Cartoon from the Universal Press Syndicate

Auto Industry bailouts, TARP, the stimulus package, and bank bonuses all have something very important in common. The American people would like to never hear about them again. Unfortunately, it looks like this won’t happen for a long time. The last couple years have been a roller coaster (mostly downhill). First, we listened to “experts” argue about whether the U.S. had entered a recession, then the severity of the recession, and then the blame game began.

As the Congressional investigation and hearings continue, the subject of bank bonuses remains an emotional topic. The banking industry waits with bated breath for the outcome of Obama’s threats of taxation and fees. Who should pay for the bailout? Skip past the populist protests and tearful anecdotes from “Joe” on Main Street, now what? The banks whine that they’ve already paid back the TARP money, with interest. Why should they be punished for the behavior of poorly-run banks who failed? They remind us that they were the ones who didn’t fail.

I have no problem with big banks using their profits to pay large bonuses to retain employees . There have been some changes made to compensation structure, although it is unclear if UBS’s malus (opposite of bonus- thank you Latin) or Morgan Stanley’s clawbacks have been used. I can’t understand how the banks can  be so out of touch  with public opinion. Like the Detroit auto CEO’s who took private jets to Washington, these bank CEOs are living on another planet. With all the money the banks use to paint themselves as advocates of CSR and client-focused firms, you would expect better public relations. A few banks have already announced revised, lower bonuses after public outrage and media criticism last month. I have an idea…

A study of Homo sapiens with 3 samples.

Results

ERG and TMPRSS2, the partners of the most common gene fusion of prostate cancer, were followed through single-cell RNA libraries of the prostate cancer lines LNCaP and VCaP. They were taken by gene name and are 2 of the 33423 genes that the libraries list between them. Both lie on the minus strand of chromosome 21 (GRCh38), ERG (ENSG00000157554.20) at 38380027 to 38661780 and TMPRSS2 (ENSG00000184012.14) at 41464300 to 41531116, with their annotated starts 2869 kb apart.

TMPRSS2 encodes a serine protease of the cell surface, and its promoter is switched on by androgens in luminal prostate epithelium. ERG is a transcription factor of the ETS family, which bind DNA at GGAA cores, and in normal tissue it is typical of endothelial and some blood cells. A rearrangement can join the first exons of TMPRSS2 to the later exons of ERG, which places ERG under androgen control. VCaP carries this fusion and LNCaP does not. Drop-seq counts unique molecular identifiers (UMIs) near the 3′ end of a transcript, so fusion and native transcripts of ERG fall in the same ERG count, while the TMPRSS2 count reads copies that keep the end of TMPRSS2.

Let’s imagine that a few weeks ago one of the banks came forward with a nominal sum and presented a check to the government for assistance in their time of need (beyond the amount that was paid back with interest).  Shareholders might be pissed, but the bank would definitely get a gold star from the government and cement the image of being a socially-considerate, bank with a heart. No marketing campaign or message from a CEO could buy that.